UK consumers should continue to ensure saturated fats account for “no more than about 10%” of daily calories, according to a panel that advises the country’s government on nutrition.

The Scientific Advisory Committee on Nutrition (SACN) has issued the results of a review of the advice given on the consumption of saturated fats handed down in 1994.

SACN has recommended no change to the advice and continues to assert “the dietary reference value for saturated fats remains unchanged: the [population] average contribution of saturated fatty acids to [total] dietary energy be reduced to no more than about 10%. This recommendation applies to adults and children aged five years and older”.

The committee added: “New evidence published since 1994 supports and strengthens the Committee on the Medical Aspects of Food Policy’s conclusion that a reduction in intake of saturated fats from current population average levels would be beneficial.”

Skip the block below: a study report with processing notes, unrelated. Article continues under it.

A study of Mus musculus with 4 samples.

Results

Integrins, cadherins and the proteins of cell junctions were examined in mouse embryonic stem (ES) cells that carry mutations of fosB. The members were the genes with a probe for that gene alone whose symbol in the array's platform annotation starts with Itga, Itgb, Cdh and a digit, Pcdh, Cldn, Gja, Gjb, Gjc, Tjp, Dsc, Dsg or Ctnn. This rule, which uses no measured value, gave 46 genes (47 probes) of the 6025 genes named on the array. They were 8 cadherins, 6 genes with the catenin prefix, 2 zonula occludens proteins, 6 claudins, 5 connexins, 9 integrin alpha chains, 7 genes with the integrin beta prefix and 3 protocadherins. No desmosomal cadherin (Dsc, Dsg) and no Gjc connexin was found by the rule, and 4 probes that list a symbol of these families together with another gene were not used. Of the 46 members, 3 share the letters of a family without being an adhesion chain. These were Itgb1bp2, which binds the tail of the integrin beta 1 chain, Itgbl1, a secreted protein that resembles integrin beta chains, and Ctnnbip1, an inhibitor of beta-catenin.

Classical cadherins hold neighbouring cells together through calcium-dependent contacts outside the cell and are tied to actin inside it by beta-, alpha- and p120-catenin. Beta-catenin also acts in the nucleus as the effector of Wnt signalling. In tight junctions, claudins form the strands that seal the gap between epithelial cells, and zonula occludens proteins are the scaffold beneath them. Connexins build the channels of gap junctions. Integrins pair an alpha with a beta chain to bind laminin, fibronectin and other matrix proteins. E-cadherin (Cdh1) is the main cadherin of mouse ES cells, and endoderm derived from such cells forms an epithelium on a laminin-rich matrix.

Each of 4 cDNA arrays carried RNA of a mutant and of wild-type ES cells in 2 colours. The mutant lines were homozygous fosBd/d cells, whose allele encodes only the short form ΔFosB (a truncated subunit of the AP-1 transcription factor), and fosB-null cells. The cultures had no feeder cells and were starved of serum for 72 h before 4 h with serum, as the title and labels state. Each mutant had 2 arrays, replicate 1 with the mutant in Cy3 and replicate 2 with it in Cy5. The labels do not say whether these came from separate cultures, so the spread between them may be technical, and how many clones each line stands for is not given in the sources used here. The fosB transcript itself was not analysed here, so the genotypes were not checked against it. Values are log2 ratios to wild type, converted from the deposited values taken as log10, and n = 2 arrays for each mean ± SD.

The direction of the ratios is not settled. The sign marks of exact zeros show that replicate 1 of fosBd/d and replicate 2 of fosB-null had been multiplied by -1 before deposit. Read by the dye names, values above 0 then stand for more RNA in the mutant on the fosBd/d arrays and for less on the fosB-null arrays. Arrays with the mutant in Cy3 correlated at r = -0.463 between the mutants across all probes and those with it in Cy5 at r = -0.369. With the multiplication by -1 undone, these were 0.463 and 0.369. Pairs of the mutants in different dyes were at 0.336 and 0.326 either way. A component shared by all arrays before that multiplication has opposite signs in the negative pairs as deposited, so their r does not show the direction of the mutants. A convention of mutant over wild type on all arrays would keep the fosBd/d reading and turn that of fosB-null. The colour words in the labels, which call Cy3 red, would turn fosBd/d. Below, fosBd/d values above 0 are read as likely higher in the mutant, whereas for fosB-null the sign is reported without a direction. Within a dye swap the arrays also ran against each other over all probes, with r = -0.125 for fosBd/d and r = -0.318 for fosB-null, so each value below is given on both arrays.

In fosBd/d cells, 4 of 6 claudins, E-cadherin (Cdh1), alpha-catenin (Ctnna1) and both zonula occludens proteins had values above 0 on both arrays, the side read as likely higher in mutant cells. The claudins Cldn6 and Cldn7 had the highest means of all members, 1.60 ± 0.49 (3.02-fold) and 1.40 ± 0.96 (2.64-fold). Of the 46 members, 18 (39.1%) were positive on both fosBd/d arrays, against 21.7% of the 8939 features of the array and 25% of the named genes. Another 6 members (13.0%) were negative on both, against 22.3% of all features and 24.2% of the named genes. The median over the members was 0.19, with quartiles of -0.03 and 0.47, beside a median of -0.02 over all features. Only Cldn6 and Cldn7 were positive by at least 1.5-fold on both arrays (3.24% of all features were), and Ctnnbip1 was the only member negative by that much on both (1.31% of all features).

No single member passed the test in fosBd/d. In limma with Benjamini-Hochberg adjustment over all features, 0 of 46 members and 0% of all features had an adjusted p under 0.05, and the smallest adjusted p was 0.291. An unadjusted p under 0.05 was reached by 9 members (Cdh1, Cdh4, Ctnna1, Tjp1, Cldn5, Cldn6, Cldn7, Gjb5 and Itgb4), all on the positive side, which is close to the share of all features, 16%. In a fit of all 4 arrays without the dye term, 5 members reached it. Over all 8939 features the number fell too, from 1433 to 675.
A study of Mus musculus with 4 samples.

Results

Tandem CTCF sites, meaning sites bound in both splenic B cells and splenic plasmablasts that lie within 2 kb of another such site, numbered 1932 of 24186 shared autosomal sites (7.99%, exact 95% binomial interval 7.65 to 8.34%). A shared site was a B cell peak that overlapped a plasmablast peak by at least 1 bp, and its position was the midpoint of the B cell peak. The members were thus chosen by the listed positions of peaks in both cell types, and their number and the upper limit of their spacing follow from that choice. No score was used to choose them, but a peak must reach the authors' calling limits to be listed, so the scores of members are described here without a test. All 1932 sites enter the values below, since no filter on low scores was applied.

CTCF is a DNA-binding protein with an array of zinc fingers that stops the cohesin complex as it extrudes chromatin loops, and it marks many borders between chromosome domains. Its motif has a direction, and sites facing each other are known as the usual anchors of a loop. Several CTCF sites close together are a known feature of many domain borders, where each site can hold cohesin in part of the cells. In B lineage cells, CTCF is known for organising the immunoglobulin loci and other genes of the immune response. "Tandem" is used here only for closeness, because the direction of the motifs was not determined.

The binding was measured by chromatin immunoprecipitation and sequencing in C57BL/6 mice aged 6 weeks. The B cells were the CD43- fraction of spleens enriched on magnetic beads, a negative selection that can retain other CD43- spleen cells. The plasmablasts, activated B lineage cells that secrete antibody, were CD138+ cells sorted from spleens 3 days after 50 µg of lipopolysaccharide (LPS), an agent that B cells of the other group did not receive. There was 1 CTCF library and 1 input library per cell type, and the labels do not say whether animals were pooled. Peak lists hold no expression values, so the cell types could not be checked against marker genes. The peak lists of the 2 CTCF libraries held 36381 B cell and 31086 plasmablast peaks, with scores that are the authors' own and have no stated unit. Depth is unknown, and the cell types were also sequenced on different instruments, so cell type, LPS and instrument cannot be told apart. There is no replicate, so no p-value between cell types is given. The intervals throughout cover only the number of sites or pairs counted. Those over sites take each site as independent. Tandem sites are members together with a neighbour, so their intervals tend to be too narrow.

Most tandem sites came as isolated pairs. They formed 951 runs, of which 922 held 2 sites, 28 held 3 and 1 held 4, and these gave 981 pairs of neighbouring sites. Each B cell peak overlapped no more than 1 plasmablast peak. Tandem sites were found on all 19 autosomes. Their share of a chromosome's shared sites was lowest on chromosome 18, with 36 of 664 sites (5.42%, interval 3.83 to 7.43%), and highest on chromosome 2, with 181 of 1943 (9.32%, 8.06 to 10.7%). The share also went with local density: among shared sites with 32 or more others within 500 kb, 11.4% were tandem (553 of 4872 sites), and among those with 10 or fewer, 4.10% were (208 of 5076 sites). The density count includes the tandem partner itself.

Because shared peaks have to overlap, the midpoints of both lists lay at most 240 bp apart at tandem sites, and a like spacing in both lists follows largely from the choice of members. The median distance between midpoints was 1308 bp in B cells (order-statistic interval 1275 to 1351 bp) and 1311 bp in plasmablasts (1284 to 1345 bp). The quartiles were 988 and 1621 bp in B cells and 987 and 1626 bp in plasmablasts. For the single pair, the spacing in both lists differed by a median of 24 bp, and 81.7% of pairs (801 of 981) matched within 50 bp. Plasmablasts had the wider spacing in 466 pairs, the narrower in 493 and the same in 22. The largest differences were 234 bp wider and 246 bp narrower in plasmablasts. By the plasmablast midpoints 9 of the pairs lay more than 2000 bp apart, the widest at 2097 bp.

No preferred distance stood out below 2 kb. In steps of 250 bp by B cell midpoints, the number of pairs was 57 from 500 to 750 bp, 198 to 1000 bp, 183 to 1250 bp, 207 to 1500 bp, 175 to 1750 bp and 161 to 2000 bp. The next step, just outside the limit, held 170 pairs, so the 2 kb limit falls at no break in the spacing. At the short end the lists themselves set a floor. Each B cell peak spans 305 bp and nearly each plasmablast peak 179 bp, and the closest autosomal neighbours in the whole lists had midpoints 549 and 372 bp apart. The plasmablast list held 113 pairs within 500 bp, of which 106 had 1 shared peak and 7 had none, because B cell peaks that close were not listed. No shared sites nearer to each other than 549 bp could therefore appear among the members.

The results of the review come amid some research suggesting the consumption of saturated fats does have health benefits. SACN’s review has therefore sparked some criticism. Prominent UK cardiologist Dr Aseem Malhotra described the guidance from SACN as “outdated”.

According to the SACN report, the average intake of saturated fats as a percentage of total dietary energy among UK adults aged 19 to 64 years has fallen since the mid-1980s, when it was around 16% of total dietary energy intake. The committee said there had been no change between 2008/09 and 2016/17.


The research indicated milk and milk products account for 21% of the intake of saturated fat.